Learn how voter-funded improvements will enrich the habitat and living experience for the zoo's primates.
Monkeys and apes in natural landscapes
Primates are highly intelligent animals that live in family groups in a number of habitats throughout the world. The Oregon Zoo is designing its new primate exhibits to meet the habitat needs of two west central African species, chimpanzees and mandrills, with the possibility for combining other species of birds and animals as well. The zoo's chimps and mandrills will have larger, complex and stimulating outdoor habitats with weather protection, allowing the primates to choose how they spend their day. New plans include improvements under the current bond funding and a significantly enlarged exhibit in the 20-year master plan.
Chimps live in forest, woodland and savanna habitats in family groups that are predominantly female. In the wild, the males separate from the group in adolescence. Chimps in the wild also make adaptations to their group size called "fission and fusion" in response to the availability of food and social situations within their troop. The primate project will allow for the chimps to express these natural behaviors and provide each animal with options for where and with whom he or she hangs out. The new habitat provides room for family groups to live together and separate as they choose.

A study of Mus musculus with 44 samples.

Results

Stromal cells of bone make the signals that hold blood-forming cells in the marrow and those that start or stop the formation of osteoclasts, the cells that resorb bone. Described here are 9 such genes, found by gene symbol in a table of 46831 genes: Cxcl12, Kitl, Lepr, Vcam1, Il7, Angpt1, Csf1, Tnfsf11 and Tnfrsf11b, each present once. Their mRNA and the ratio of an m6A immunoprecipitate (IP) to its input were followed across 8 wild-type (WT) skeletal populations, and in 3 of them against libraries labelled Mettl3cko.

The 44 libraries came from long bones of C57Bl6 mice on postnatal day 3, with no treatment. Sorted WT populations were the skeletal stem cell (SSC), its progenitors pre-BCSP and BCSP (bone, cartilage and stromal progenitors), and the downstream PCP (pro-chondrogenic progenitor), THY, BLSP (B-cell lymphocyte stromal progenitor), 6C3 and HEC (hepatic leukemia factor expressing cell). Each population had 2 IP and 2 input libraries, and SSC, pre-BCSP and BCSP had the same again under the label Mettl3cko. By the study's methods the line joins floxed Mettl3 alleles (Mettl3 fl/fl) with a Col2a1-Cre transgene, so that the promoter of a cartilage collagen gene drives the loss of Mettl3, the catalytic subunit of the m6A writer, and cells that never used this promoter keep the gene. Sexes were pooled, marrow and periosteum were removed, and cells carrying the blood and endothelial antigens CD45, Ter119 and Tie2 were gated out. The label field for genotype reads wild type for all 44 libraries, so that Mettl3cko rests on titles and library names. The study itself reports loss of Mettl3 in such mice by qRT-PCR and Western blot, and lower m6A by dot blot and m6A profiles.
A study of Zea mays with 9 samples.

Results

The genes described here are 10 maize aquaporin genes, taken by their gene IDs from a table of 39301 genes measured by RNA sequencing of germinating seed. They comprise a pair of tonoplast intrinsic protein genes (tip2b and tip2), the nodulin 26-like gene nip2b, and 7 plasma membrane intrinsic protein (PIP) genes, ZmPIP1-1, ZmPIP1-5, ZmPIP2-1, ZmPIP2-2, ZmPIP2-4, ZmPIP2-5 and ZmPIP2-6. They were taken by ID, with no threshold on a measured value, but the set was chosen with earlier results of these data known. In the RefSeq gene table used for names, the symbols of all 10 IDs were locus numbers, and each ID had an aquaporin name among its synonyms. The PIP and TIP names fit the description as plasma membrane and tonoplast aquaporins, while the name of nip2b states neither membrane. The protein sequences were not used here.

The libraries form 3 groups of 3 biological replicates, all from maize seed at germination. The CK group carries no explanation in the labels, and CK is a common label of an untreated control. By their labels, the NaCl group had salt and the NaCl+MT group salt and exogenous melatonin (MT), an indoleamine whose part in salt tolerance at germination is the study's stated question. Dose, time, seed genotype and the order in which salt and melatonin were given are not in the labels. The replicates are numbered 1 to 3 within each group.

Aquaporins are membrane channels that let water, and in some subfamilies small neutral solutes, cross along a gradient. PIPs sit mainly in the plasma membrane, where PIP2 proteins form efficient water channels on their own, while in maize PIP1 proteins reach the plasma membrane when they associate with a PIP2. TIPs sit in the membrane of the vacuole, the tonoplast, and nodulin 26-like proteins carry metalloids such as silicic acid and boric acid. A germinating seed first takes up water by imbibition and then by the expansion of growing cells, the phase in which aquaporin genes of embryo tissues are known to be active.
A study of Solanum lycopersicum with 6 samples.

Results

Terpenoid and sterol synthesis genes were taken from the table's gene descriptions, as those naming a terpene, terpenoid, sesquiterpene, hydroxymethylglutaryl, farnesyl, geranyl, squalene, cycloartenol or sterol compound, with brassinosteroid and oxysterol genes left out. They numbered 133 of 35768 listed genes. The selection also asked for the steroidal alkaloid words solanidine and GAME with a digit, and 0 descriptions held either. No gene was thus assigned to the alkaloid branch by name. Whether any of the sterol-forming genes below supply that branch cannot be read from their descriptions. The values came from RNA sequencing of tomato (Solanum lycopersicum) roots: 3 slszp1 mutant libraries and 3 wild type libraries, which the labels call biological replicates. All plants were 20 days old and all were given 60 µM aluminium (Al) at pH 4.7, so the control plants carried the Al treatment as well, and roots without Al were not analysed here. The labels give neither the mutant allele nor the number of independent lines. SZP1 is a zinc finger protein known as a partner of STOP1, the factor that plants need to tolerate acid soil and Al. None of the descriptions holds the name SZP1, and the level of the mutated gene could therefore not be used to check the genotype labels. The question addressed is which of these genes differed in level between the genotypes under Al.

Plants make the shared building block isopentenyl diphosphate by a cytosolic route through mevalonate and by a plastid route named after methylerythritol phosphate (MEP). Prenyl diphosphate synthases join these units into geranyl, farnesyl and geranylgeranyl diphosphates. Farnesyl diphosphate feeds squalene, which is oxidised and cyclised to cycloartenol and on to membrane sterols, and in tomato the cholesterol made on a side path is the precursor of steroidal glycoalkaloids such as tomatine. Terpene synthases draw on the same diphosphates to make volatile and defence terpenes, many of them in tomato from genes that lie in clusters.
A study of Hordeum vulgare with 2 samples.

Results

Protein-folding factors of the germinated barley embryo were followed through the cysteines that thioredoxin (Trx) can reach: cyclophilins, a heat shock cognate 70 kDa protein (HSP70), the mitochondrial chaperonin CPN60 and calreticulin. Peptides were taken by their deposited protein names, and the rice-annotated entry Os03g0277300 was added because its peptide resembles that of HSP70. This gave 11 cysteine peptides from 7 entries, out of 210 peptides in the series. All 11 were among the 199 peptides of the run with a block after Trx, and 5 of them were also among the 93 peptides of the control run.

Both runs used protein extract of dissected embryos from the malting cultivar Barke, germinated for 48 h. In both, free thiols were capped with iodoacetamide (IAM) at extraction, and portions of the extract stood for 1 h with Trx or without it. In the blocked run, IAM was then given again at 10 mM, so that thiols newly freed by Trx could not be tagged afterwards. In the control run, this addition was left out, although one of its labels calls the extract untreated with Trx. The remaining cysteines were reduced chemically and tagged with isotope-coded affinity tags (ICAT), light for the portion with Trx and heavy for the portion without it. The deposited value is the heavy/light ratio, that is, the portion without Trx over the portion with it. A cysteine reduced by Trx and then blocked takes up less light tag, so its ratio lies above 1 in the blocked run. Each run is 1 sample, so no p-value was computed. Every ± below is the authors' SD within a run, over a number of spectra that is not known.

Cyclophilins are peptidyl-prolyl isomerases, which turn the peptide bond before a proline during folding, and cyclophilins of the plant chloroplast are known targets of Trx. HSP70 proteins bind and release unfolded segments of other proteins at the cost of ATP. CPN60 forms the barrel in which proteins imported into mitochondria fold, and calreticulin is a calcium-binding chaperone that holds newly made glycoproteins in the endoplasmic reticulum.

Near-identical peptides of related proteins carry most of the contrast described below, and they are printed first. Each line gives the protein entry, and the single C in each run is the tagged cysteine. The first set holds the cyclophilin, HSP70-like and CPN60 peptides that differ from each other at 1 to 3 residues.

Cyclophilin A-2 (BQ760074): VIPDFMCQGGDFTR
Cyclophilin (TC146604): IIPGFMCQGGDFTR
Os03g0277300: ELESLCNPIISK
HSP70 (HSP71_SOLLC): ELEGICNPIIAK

Mandrills live in harems with one male and five to 10 females plus up to 10 youngsters. The females use tree habitats while males patrol on the ground. Mandrill home ranges are some of the largest of the baboon species – up to 50 square kilometers. Exhibit designers are exploring "treeway" thoroughfares – intriguing arboreal and ground level pathways that link one part of the exhibit to another allowing apes and monkeys freedom of movement overhead and providing guests with exciting new views. These treeways allow chimpanzees and mandrills the chance to exhibit natural patrolling behaviors by using pathways to access different habitats. This also will increase the control each animal will have over how he or she spends each day.
The zoo's chimpanzees and mandrills live in facilities that were built when the zoo opened on its current site in 1959 and that were last remodeled in the 1980s. The building has undergone cosmetic improvements over the years, but it is outdated. The new Red Ape Reserve is likely to be the only portion of the primate exhibit that remains. The remaining older building will be demolished to make way for the new exhibit.